The Other Side

My grandparents went into the woods
on the day I was born,
and blessed an infant tree they found,
naming it as my guardian twin.

Throughout my childhood I never knew
I was bound to something wild,
that grew through frost and winter storms,
raising many arms to distant light.

Then one day, when school was over,
grandma took me down to the woods.
She said a time of change had come,
that I was turning into a man.

We found grandpa working there,
splitting the tree with a curved iron blade.
They stripped me naked, pulled the split apart
and gently pushed me through.

They poured cold water over me,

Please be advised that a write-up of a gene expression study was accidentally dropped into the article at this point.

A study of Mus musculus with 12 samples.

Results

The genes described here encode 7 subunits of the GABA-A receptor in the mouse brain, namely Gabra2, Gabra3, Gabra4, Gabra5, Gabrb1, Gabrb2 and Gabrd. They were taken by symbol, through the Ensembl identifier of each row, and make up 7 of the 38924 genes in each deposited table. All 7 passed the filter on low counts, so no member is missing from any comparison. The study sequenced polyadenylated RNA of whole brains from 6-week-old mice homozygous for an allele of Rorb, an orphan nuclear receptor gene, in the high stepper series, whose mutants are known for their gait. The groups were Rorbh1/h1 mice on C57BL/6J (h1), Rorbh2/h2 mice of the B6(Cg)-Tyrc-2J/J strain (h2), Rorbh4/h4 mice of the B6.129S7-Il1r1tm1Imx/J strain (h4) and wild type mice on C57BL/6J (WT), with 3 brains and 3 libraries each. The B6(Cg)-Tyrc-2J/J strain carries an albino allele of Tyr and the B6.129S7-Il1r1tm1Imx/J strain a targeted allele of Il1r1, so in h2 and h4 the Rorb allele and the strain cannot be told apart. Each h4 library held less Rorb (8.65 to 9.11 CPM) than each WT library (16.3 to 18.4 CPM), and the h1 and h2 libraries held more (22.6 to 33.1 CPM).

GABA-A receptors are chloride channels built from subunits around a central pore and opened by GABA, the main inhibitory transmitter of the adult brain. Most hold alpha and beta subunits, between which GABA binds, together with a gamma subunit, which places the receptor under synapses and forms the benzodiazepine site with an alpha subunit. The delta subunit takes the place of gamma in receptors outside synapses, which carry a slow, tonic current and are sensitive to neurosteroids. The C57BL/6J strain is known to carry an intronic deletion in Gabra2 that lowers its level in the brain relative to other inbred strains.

then bound the tree with white rags,
and told me childhood was left behind
forever, on the other side.

I hung around the tree a lot at first,
feeling abandoned and out of place,
and worried about the time ahead.
The tree healed, its bandages rotted away,

and it became like other trees,
except its bark was scarred for me.
Then I met a girl, and travelled far with her.
But I never forgot, and always returned

when major changes touched my life,
times of grief or celebration, and felt
a special union with the other side.
Once when a very dark time came

I wanted to open the tree once more
and crawl back through, but I knew deep down
that unless the slit was cut the same way
I’d find myself in some other place.

Now that I am very old and another change
is near, I often visit my guardian tree.
How massive it’s become these recent years,
joined at last to the sky above.

Soon I will enter my heart’s house and lock
the door behind. I’ll climb the creaky forest stairs,
and slip through the gap where the light
seeds the silence on the other side.